We had a successful time at Black Island, collecting 20 erratic rock samples which will undergo cosmogenic nuclide dating once they are shipped back to Boston in April. Other than the 3 day snow storm which kept us bundled in our tents, and the occasional fog which created very low visibility, we experienced fairly good weather as the heat of the summer season rolled in.
|Emma and I sunbathing for a few minutes in the "hot" weather.|
|Drew making us pancakes one morning for breakfast, as we couldn't work in the heavy fog. If we strayed more than a few meters from camp we would risk the possibility of getting lost.|
|A mummified seal we named Lucile/Cecilia|
|Exposed bone and skin|
|This mummy is so well preserved that even part of the eyeball is still intact.|
|The Pegasus cargo jet which crashed near McMurdo Station|
|Pegasus on the McMurdo ice shelf with White Island in the background|
|The modern landing site, Pegasus Field.|
With some extra time in town this past week, we have been able to explore more of what McMurdo has to offer. With the heat of the summer comes birthing season and the melting of sea ice, allowing for many seal-sighting opportunities.
|Lots of seals enjoy lounging on the sea ice at the edge of Hut Point, at the edge of McMurdo|
Another popular summertime activity is the "Ob Tube," short for Observation Tube. After a special outdoors training, we were allowed to climb down a ladder in to this tube which is installed each year. It only fits one person at a time, and from the base of the tube you can see the bottom of the sea ice and various animals in the water, if you are lucky. It took our eyes a few minutes to adjust to the darkness, but eventually we could see some zooplankton and a jellyfish. It was very difficult to take pictures that looked like much of anything because it was so dark down there.
|Close-up of ice crystals at the base of the frozen sea surface (photo by Drew)|
|A tight squeeze to the bottom.|
|Taken from the bottom of the tube, looking up.|
|Pressure ridges outside of Scott Base|
|Here you can see Mount Erebus, the southernmost active volcano.|
|Mount Discovery and the Royal Society Range peek through the background.|
|A frozen pond that formed within one of the structures|
|Close-up of some icicles falling off a ridge|
|Emma and Drew conquer the pressure ridges!|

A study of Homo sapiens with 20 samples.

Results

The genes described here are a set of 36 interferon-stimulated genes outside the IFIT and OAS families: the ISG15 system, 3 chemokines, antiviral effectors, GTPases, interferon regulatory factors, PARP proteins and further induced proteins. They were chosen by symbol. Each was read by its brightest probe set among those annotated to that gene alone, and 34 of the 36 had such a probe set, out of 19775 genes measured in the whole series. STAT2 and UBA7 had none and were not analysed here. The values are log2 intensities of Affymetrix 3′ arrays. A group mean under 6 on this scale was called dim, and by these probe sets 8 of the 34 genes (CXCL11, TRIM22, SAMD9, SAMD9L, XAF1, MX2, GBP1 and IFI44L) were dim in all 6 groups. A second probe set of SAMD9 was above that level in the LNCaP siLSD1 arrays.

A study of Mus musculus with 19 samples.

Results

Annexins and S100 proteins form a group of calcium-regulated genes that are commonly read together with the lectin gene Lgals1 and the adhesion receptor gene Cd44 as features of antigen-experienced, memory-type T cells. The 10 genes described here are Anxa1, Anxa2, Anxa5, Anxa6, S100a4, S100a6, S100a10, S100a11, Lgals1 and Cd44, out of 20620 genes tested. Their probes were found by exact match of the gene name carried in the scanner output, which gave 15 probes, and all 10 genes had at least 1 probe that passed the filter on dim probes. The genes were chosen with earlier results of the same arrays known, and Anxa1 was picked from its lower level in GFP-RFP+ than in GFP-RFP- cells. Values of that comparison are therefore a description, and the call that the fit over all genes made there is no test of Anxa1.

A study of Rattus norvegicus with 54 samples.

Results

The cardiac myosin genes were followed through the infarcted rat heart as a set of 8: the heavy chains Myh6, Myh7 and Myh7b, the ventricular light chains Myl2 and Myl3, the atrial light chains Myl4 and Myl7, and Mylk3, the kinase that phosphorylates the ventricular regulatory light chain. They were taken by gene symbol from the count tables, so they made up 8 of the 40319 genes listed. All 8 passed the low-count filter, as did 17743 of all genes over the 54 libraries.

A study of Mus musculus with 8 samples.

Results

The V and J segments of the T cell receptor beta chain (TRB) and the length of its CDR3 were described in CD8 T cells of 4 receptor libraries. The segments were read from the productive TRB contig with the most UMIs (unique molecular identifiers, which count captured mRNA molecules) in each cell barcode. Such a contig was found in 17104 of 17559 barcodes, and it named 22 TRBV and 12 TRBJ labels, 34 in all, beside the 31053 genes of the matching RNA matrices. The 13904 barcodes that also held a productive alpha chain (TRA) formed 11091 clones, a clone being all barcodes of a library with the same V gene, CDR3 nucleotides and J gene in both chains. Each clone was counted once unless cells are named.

|Some seals were very content|
|Some were very vocal|
|Some were very tired|
|And some were very poised.|
Saturday morning Emma and I drove out to Williams Air Field, a few miles outside McMurdo, and flew back to Christchurch on a C-130 jet. This plane is smaller than the one we came in on, and lands with skis rather than wheels, because the sea ice is much thinner on the landing field than when we first arrived in the early summer. We flew with only three other USAP participants and a unit of Air Force members.
We arrived in Christchurch 8 hours later, where we returned our ECW, adjusted to the warm temperatures, and saw darkness at night for the first time in two months! I was also excited by our first tree sighting. The next morning we left Christchurch and traveled north to Auckland, with a beautiful view of the Southern Alps during the short flight. From there we re-checked our baggage and flew to Tahiti in French Polynesia. We were greeted with flowers for our hair and serenaded by a man in shell necklaces, singing and playing ukulele, accompanied by two woman dancing in floral-print dresses. Our next flight got delayed so we spent 5 hours in the one room, one bathroom, two terminal, technology-free airport, trying to keep cool in the 90 degree weather. We eventually boarded the plane again, flew to Los Angeles, then to Boston.
We left New Zealand at the summer solstice, and lucky for us, with the crossing of the international date line during our flight, arrived back in the U.S. just in time for the winter solstice.
The following morning I flew home to Philadelphia while Emma traveled with her family to Quebec.
|Our view of Mount Discovery nearby our campsite on Black Island|
I wish luck to the rest of the research team, as Dave and Drew continue with their research and Dan discovers for the first time what an incredible place Antarctica is.
They have now made it out to Mackay Glacier and will continue research there for the next week. After that they will travel through the Dry Valleys until mid-January.